Every year we set aside the fourth Thursday in November for counting our blessings. This year, for many of us, worries come much more readily to mind than blessings, and that’s the position I find myself in. This has not been an easy year. As I write this, I think of my sister, paralyzed since a horseback-riding accident last spring. I think of my husband, agonizing over how the economy has hit his architectural firm and what that means for the staff. And I think of my sons and their wives. Brendan and Erin, new missionaries in Peru, were recently stuck in a city away from home because of road strikes: life in a third world country. My other two sons, Patrick and Kevin, are both in school; when they finish next spring, they and their wives have the bleak job market to face. What happened to the “good life” that we Americans think we deserve? I’d like it back.
Yet when the good life eludes us and there aren’t as many obvious pleasures to count, if we have any wisdom at all, we learn to count deeper blessings. So these are mine:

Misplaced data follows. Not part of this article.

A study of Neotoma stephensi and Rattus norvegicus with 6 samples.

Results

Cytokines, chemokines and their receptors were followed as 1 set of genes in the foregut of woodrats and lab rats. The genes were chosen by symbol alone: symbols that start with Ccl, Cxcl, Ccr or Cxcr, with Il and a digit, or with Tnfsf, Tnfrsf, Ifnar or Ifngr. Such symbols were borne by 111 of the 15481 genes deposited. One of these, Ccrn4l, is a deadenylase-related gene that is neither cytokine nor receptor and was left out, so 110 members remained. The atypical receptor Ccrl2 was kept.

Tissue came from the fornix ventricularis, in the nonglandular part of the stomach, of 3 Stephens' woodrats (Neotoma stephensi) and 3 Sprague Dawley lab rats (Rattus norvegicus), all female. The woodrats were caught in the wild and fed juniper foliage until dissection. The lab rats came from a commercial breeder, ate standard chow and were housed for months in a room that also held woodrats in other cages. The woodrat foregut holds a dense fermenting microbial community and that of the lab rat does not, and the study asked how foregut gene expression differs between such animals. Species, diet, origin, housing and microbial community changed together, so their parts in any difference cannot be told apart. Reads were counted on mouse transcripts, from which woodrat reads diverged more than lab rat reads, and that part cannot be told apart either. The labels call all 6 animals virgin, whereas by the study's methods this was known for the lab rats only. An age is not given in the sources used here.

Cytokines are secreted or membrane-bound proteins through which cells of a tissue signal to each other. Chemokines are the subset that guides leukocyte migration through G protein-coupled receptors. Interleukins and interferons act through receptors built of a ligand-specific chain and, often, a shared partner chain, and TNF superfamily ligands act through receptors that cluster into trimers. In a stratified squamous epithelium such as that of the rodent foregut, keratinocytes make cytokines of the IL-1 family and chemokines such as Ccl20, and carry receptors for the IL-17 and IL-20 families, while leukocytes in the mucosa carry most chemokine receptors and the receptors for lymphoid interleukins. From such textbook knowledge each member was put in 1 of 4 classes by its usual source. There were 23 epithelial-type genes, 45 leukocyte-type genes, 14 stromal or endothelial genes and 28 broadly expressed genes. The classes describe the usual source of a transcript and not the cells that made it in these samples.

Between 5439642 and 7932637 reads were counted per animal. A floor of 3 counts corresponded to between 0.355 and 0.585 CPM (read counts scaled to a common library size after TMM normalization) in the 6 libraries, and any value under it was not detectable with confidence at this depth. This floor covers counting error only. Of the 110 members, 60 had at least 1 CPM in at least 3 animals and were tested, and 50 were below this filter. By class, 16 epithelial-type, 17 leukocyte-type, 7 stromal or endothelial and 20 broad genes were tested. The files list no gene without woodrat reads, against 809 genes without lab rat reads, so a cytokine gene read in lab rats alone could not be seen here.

- I’m grateful that my sister and her husband, for all their pain and fear, are still able to give and receive kindness. Their hearts are alive and—in a difficult way—growing.
- I’m grateful that my husband is the kind of man whose deepest heartache during this economic downturn has been for the welfare of his employees.
- I’m grateful that Brendan and Erin, exchanging the good life for a better one, responded to the call of God upon their lives and have chosen to serve the people of Peru.
- I’m grateful that Patrick and Kim are expecting a little daughter (rare in the Connally family!) who will grow up in a home of love, wisdom and faith.
- I’m grateful that Kevin and Adele, starting out their adult lives amid daily bad news, are people of hope and prayer.
So on Thanksgiving Day, even if we aren’t as high-spirited around the turkey as usual, there is much that’s good—and as I said, I’m grateful.